I’ve been trying to work out just why Saudi Arabia’s fixation on sorcery and witchcraft is so disturbing. (See, for example, “Saudi Arabia escalates war on sorcery.”) After, there are folks all around the world, including in self-consciously modern Europe and America, who believe in sorcery. (For example, a 2007 poll indicated that half of Americans believe in or are unsure whether there are witches.) There are billions of religious believers; some would argue that any belief in any religion is essentially irrational—if you believe there was a talking serpent in the Garden of Eden, or that God had a human child who could turn water into wine or heal the sick with his touch, why quibble over sorcery?
But Saudi Arabia is different. There you see not just the belief in sorcery, but the government’s criminalization of sorcery. There used to be criminal statues forbidding witchcraft in Europe and America. But those are long gone. In the eighteenth century English judge William Murray Mansfield acquitted a woman accused of being a witch with the remark: “My opinion is that this good woman should be suffered to return home, and whether she shall do this, walking on the ground or riding through the air, must be left entirely to her own pleasure, for there is nothing contrary to the laws of England in either.” But Saudi Arabia belongs to a very small club (including Gaza, Bahrain, Iran, Central African Republic, Malawi, and Vanuatu) where in the 21st century it is still a criminal offense to be a sorcerer.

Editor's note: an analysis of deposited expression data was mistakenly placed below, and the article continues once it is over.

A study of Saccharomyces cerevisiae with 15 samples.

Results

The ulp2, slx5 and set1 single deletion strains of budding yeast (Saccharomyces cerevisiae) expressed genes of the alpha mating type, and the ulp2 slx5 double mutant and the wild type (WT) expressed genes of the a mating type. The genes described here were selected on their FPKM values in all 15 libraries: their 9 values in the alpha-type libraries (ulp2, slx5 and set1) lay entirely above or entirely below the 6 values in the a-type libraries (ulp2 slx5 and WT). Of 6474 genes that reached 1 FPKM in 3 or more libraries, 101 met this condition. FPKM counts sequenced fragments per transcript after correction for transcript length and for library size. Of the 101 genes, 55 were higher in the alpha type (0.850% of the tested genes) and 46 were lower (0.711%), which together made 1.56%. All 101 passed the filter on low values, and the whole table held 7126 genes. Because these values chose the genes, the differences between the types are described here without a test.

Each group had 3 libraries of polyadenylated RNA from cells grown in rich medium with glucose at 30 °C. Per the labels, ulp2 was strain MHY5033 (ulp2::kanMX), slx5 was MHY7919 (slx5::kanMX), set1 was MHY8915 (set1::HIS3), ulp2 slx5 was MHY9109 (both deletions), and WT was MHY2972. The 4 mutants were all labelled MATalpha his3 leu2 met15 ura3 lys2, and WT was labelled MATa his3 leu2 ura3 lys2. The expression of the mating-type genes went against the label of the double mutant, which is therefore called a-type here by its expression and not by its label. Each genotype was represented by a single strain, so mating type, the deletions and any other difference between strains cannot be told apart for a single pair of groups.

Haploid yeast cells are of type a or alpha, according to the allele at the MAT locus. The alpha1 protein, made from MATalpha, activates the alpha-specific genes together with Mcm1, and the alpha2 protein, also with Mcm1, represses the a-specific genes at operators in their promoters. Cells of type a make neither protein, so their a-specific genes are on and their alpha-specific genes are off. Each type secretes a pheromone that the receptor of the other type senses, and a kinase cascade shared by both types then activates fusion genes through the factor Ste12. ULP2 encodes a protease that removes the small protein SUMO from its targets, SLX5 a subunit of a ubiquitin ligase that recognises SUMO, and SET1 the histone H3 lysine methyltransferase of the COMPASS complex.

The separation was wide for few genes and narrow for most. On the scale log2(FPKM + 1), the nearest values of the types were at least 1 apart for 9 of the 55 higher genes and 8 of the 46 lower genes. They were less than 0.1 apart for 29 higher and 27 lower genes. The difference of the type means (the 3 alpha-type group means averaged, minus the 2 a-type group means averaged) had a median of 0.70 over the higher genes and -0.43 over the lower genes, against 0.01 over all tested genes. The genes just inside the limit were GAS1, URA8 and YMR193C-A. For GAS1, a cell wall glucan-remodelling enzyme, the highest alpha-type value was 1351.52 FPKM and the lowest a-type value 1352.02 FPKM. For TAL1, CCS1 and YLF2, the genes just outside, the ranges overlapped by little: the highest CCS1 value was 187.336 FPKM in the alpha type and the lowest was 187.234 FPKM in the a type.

Second, the penalty is so severe. Not a fine, not a term of imprisonment. In Saudi Arabia a convicted sorcerer is executed.
Finally, Saudi Arabia takes this business so bloody seriously. They don’t just put the odd sorcerer on trial if he happens to drop in their laps. They hunt for sorcerers.
Here’s the latest: On June 3 News-sa.com reported that the Saudi religious police are hiring professional divers to search for spells at the bottom of wells and seas. Since, apparently, sorcerers often tie their spells up in bags and conceal them, for instance in a body of water, Saudi authorities must take measures to find the spells, neutralize them and thus save the victims.
One of the comments at the end of the story expressed the hope that at least this will mean the religious police will be under water and off the streets. Can’t argue with that. But as long as the Commission for the Prevention of Vice and the Promotion of Virtue exists, Saudi Arabia will be regarded as being in important respects a pre-modern country.